Help me study for my English class. I’m stuck and don’t understand.

Author’s Tone

The language authors choose to use with the intention of presenting text to a particular audience creates tone. Tone is designed to get a reaction from the reader. Tone and purpose are symbiotic in that oftentimes, one defines the other.

If the purpose is to inform, then the tone is usually very matter-of-fact. The message is somewhat formal, and the tone can be serious if the information in the writing is a serious piece.

Tone identifies a speaker’s attitude toward a subject or another person. You may pick up a person’s tone of voice fairly easily in conversation. A friend who tells you about her weekend may speak excitedly about a fun skiing trip, an instructor who means business may speak in a low, slow voice to emphasize her serious mood, or a coworker who needs to let off some steam after a long meeting, may crack a sarcastic joke.

Just as speakers transmit emotion through voice, writers can transmit emotion through a range of attitudes, from excited and humorous to somber and critical. These emotions create connections among the audience, author, and subject. This ultimately builds a relationship between the audience and the text. To stimulate these connections, writers intimate their attitudes and feelings with useful devices such as sentence structure, word choice, punctuation, and formal or informal language. Keep in mind that the writer’s attitude should always appropriately match the audience and the purpose.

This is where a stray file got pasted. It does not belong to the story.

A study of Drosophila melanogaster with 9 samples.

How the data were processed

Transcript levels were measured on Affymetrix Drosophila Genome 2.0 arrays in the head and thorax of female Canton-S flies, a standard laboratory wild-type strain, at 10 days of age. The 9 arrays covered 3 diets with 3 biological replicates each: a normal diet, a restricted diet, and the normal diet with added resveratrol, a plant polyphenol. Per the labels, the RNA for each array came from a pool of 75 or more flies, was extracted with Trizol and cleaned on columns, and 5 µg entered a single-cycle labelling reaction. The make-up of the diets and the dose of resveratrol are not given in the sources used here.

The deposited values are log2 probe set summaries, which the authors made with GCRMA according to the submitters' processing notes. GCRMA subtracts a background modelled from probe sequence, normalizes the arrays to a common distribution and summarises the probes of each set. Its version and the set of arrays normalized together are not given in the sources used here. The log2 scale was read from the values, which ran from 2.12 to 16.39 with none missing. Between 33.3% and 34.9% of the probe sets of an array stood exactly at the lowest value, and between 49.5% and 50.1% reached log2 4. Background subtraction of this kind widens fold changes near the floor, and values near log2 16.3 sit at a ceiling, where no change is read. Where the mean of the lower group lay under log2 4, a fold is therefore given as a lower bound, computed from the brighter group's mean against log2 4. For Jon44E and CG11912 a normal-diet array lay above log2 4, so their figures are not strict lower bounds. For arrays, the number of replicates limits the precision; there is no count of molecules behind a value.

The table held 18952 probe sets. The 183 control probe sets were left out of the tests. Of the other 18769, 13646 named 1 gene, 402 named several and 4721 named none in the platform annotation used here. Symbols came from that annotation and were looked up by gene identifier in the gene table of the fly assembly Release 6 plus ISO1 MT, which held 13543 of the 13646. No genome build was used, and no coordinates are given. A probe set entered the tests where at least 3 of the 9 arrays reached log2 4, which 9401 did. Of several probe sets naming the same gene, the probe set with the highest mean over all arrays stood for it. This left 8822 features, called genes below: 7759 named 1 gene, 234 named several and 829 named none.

Purpose and Tone

Please select a text for deeper analysis:

After you select your text, answer each of the following questions.

  1. Identify the purpose of the text. In 1-2 paragraphs, provide a clear description of the purpose and relevant examples of why you identified it as such.
  2. What tone (or tones) does this text have?
  3. Do you think the tone might vary depending upon the reader or viewer’s position on the issue?
  4. Provide specific examples to support your choice of tone.